St. Charles City Backs Off Smoking Ban Proposal, Considers Mandatory Signage

The city of St. Charles will not be banning smoking after all -- though officials are not dropping the issue altogether.

In May, St. Charles began considering a new smoking ban policy and launched a series of public hearings on the topic. The city was looking at prohibiting smoking inside businesses through a policy that might exempt certain establishments, such as casinos. Critics, who have spoken out against proposed bans throughout the metro area and in Missouri, argued that forcing businesses to have certain policies would violate their private property rights.

Now, officials have backed off from plans to institute any sort of smoking ban, but they are considering a new signage policy.


Is a government ban on smoking an infringement on property rights?

That's a central question that has emerged in the city of St. Charles, which had its final of three public hearings on the so-called "Smoke-Free Air Act" last night. As we reported earlier this month, the city is in the early stage of considering some sort of smoking-ban ordinance -- and in the process is exploring what kinds of businesses might be exempt.

The debates around smoking bans have heated up in recent months at the state level in Missouri and locally in the St. Louis metro area. What could the city of St. Charles' policy look like?


Categories: News, Smoking Bans


In recent months, there has been a surge in proposals related to smoking bans at every level of government in Missouri from municipal ordinances to statewide efforts -- and now officials in St. Charles are soliciting feedback for a preliminary effort labeled the "Smoke-Free Air Act."

"This is a proactive opportunity for the city of St. Charles to explore this kind of legislation on our own as a city," Carol Felzien, director of communications for the city, tells Daily RFT. Starting next week, the city will be hosting a series of public hearings on potential local legislation -- and Felzien emphasizes that this is the first step in a long process.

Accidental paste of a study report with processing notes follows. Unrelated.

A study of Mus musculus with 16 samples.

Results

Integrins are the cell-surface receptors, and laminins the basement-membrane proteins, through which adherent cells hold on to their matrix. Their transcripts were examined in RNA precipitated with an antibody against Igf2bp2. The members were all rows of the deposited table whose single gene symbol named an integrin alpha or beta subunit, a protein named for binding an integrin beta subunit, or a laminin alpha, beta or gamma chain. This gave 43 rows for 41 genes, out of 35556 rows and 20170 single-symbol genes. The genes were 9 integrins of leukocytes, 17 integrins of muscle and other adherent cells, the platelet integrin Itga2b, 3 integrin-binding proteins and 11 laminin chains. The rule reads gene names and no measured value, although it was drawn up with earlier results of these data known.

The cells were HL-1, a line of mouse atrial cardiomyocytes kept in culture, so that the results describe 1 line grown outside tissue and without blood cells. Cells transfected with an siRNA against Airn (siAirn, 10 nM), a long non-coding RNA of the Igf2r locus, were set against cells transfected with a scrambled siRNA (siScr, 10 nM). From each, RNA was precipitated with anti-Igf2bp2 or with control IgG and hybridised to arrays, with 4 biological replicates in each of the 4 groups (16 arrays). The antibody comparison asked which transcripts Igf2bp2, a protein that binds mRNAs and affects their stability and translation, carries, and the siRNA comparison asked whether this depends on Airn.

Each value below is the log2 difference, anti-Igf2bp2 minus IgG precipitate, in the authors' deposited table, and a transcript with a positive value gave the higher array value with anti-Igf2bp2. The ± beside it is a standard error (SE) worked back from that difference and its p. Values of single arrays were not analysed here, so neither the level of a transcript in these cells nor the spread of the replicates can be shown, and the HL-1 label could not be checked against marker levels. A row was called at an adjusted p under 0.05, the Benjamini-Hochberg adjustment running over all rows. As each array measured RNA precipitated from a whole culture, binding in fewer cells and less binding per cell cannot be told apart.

Advocates that oppose sweeping bans, however, are already trying to organize businesses to come out and protest against any policy that they say could unfairly -- and selectively -- hurt some smoke-friendly restaurants and bars.



Take away the tax revenue the city gets from establishments hurt by the smoking bans.

"The goal is to protect private property rights," Conway, a Republican from St. Charles, tells Daily RFT. "I just really wanted to get the conversation going."

On the latter, she's definitely had some success.


Categories: Smoking Bans


But across the river in Illinois, St. Clair County is successfully pushing forward with a different kind of smoking policy and one that officials say will likely be the start of a trend: a ban on smoking inside public housing complexes.

"This is all about health and wellness," Jan Douglass, community health program coordinator for the county, tells Daily RFT. "St. Clair County is trying to become one of the healthiest counties...and we are looking at the health and safety of all residents."

Where will the new ban apply?



That's partly because opposition is so strong, it's not likely to get far in the process. But that's not stopping State Senator Maria Chappelle-Nadal, a University City Democrat.

"It's a statewide ban -- everything," Chappelle-Nadal tells Daily RFT. "A lot of people are offended by secondhand smoke."

If passed, where would the ban apply?



After a contentious hearing last week, Daily RFT has been in contact with some of the advocates on the ground about all the possible scenarios officials are studying, and we've compiled a list below -- everything from square footage limits to age requirements and more.


Today at the St. Louis County Council, members of the public will have an opportunity to offer feedback on a controversial proposal to expand a smoking ban to a variety of business establishments that are exempt under current policy.

Carol Fallert, owner of The Brew House in Maryland Heights, will testify -- and she says she is trying to get as many people as possible to speak out against a bill that could badly damage her bar.

"I'm spearheading this for the little guys, the neighborhood bars," Fallert tells Daily RFT. "This could drastically reduce my revenues."

Who would be impacted by the policy change?


Categories: News, Smoking Bans


As the Council debates the idea, activist Bill Hannegan is making an effort this week to alert every single establishment that would potentially be impacted by the changes to speak up about how bans on smoking could affect business.

"It's a very disorganized community," says Hannegan, who was featured in a 2009 RFT story. "I just want to let them know what's going on."


The federal Eighth Circuit Court of Appeals ruled against Clayton resident Arthur Gallagher last Thursday in his quest to overturn that city's ban on smoking in public parks.

A retired vineyard owner, Gallagher enjoys lighting up stogies in Concordia Park across from Kaldi's Coffee on Demun Avenue -- "ecstatically" so, he even claimed in court.

But the Clayton smoking ban prohibited smoking in public parks. It did exempt sidewalks (and streets and alleys), but not park sidewalks.